Debbie Layfield was in the middle of running a bath at her home in Claughton, Wirral, when she answered a phone call from a family member who had found a lump
A Tesco worker was left feeling like she had been given a death sentence after finding a pea-sized lump on her breast in the bath.
Debbie Layfield was in the middle of running a bath at her home in Claughton, Wirral, when she answered a phone call from a family member who had found a lump.
The mum-of-three tried to reassure her family member the lump would likely be nothing to worry about, but when she got into the bath moments later she was shocked to find a lump on her own breast.
Debbie, whose youngest child was in primary school at the time, went to see her GP following the chance phone call and she was immediately referred to the Clatterbridge Cancer Centre.
The 44-year-old underwent a series of tests and just a few hours later she was told she had breast cancer.
Meanwhile, Debbie’s family member was told she had a non-cancerous lump. Debbie said she was in total disbelief after receiving her diagnosis and struggled to speak.
In the audio recording for Cancer Research UK, she said: “My first thoughts when the doctor told me were I’m not going to see my children grow up, get married or have children of their own.”
Debbie said she was eventually able to explain to her children that she had the same disease Kylie Minogue had been successfully treated for and reassured everyone she would be fine. She had a lumpectomy and her doctors were pleased the cancer had n’t spread.
However, they warned her she had a very aggressive form of the disease and planned to give her extra doses of chemotherapy. After undergoing daily radiotherapy while still finishing chemo, Debbie then faced another devastating blow when her dad was diagnosed with lung cancer and died months later.
Debbie thankfully made a successful recovery from her cancer treatment in 2009 and went on to take the drug tamoxifen for 10 years. Cancer Research UK researchers helped prove the benefits of taking tamoxifen after surgery for women with the most common type of breast cancer.
Around 8 in 10 women now survive for at least 10 years, thanks in part to this life-saving treatment. Debbie initially struggled to talk about her cancer journey after finishing her treatment, but she later decided to throw herself into raising awareness and funds for Cancer Research UK.
The mum-of-three, now 57, is the Community Champion at Tesco Bidston Moss and has encouraged hundreds of customers and colleagues over the years to sign up for Race for Life and fundraise. She knows exactly how vital it is to raise funds for life-saving research – and that’s why she’s urging people to visit raceforlife.org and enter.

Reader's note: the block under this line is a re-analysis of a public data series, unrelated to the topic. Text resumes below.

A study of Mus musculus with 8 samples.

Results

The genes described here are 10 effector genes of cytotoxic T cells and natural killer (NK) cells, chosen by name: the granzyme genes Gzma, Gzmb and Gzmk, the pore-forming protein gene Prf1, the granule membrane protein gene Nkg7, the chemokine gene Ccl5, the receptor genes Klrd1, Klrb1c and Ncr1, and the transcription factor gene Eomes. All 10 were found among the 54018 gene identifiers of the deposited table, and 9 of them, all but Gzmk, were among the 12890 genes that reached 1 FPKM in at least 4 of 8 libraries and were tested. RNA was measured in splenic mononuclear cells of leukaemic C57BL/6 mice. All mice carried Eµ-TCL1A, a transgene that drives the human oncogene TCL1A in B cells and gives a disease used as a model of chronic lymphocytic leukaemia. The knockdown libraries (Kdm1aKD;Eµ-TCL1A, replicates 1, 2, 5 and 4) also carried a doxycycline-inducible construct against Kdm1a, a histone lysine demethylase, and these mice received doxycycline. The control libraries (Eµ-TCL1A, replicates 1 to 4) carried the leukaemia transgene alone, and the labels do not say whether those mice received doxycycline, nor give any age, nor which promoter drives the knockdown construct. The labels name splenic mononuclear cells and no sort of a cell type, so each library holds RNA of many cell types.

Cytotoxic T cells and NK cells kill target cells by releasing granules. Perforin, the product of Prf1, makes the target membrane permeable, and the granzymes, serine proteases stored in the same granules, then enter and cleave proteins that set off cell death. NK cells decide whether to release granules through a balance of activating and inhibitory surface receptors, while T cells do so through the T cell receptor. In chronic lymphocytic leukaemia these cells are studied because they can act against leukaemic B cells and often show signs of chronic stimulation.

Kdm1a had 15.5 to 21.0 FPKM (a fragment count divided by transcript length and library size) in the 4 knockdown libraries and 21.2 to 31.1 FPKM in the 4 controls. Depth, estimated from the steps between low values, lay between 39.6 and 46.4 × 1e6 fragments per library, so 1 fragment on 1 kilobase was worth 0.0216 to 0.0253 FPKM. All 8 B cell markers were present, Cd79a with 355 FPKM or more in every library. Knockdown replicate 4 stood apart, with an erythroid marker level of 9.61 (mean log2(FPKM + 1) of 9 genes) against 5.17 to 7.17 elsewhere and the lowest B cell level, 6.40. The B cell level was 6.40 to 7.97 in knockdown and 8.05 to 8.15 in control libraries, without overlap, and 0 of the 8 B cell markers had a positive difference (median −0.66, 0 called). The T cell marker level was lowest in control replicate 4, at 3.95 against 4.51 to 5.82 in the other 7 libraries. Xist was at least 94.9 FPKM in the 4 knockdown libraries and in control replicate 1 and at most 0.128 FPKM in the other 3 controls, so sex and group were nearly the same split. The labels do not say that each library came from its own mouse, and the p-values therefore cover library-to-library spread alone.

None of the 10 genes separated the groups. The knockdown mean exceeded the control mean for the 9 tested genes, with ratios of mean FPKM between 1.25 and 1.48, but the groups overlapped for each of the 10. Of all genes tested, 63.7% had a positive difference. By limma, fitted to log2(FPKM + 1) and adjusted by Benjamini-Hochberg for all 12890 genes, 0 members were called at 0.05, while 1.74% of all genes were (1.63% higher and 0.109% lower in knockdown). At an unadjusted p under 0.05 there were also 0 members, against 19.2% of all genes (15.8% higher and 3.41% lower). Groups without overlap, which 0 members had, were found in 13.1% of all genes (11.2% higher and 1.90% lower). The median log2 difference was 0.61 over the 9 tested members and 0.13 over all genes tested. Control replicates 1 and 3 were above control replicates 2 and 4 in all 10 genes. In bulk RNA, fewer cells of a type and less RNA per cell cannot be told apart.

Debbie has been such a passionate advocate for Race for Life that she has been chosen as VIP guest at the Wirral event on Sunday May 22. She will press the starter horn at Birkenhead Park before joining participants and she will also be taking part at Sefton Park on Sunday July 10.
Debbie said: “I feel passionately about the work of Cancer Research UK having lost so many loved ones to the disease. But I can see the advances made in research and even if every person donates a pound to someone taking part in the Race for Life, then we are one step closer to survival for more people.
“I hope my story will help connect with people in the moments before they set off on the Race for Life course. It’s a privilege to have the chance through the audio recording at Race for Life events to thank the amazing people who are fundraising to support life-saving research.”
Debbie’s powerful story is one of six audio recordings from cancer survivors which will be played at Race for Life events across the UK this year. Every year around 44,900 people are diagnosed with cancer in the North West and one in two people in the UK born after 1960 will get cancer in their lifetime.
Cancer Research UK’s Race for Life, in partnership with Tesco, is an inspiring series of 3k, 5k, 10k, Pretty Muddy and Pretty Muddy Kids events which raise millions of pounds every year to help beat cancer by funding crucial research. Events will follow current government guidance to protect against COVID-19 and hand sanitiser will be provided.
Jane Bullock, Cancer Research UK’s spokesperson in the North West, said: “We are incredibly grateful to Debbie for her support and know that her story will make an impact on participants when played on stage at the beginning of Race for Life.
“Sadly, cancer affects all of us in some way. Whether people are living with cancer, taking part in honor of or in memory of a loved one with cancer or signing up to protect their own children’s future, everyone has a reason to Race for Life. So we’re asking people across the region: “Who will you Race for?”